We have periodically discussed cases involving employees who have objected on religious grounds to documents, badges, or other material showing the number “666” — considered by some to be the sign of the beast. We can now add the case of Walter Slonopas, a Tennessee maintenance worker, says he quit his job because his W-2 tax form was stamped with the number 666.
There are a couple of problems with the claim. First, I have already identified the Beast in a prior column as Michael Eisner, former CEO at Disney. Second, many scholars believe the actual number is 616, not 666. It turns out that 666 may be the ancient equivalent to a typo. Papyrus 115 is a fragmented piece of papyrus that dates back to the 3rd century and was not translated until the 20th century. Researchers were surprised to see that the papyrus included “616” as the sign of the Beast. If true, the Beast was the worker who received his or her W-2 50 workers before Hyatt was likely already wearing the number and lost his soul 50 days before Slonopas (It is just like the Beast to finger another worker while he or she laughs her way to the mailbox to send in a tax check).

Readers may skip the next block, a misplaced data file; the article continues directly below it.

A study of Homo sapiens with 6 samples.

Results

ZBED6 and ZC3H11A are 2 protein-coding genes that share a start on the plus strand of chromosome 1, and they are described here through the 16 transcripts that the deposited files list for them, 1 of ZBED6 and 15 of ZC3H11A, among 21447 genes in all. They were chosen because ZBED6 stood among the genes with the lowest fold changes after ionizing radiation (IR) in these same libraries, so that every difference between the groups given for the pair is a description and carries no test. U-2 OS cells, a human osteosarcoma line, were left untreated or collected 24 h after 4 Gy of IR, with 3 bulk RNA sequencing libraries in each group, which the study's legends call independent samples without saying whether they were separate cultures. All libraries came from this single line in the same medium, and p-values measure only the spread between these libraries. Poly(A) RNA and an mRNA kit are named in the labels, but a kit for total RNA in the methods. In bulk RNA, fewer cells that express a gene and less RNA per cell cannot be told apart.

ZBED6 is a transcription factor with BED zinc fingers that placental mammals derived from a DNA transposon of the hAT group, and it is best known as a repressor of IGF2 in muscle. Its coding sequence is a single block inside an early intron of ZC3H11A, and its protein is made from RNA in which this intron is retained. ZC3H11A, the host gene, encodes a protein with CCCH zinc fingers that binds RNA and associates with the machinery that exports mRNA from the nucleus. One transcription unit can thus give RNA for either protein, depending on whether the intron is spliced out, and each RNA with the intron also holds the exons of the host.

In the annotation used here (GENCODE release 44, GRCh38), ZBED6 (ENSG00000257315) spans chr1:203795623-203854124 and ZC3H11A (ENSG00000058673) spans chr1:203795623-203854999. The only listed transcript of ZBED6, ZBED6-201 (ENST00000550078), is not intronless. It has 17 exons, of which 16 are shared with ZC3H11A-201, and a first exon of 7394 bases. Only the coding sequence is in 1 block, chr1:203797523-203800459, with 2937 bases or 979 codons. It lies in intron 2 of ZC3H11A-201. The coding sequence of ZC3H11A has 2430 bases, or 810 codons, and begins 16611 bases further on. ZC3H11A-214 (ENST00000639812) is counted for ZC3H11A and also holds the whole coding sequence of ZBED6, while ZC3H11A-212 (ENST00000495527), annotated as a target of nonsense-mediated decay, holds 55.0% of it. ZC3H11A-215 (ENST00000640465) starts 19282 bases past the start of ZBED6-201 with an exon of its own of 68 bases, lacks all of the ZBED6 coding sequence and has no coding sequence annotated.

Here are the more often read passages:
Revelation 13:16 And he causeth all, both small and great, rich and poor, free and bond, to receive a mark in their right hand, or in their foreheads:
Revelation 13:17 And that no man might buy or sell, save he that had the mark, or the name of the beast, or the number of his name.
Revelation 13:18 Here is wisdom. Let him that hath understanding count the number of the beast: for it is the number of a man; and his number is Six hundred threescore and six. (666)
This passage has previously led to problems when 666 appears on papers or in conversation for some Christians.
In the case of Walter Slonopas, he insists that receiving the 666th W-2 form would have condemned his soul to hell. That is a pretty petty God if receiving a standardized form is enough to toss away a life of clean living.
Contech Casting LLC insists that it is not marking employees for the Beast and simply had over 666 forms to hand out and he was the 666th. Of course, the Beast’s minions would have to say that. This is not the first time that Slonopas, 52, faced Beast branding. Earlier in his employment, he was supposed to be No. 668 to use when he clocked in, but was given 666. He objected and was given a new number.
The company offered to rehire Slonopas and give him a new W-2 form (presumably he had to simply come to the Benefits Office in Room 666). However, Slonopas has refused insisting “God is worth more than money.” . . . or rational thought, it appears.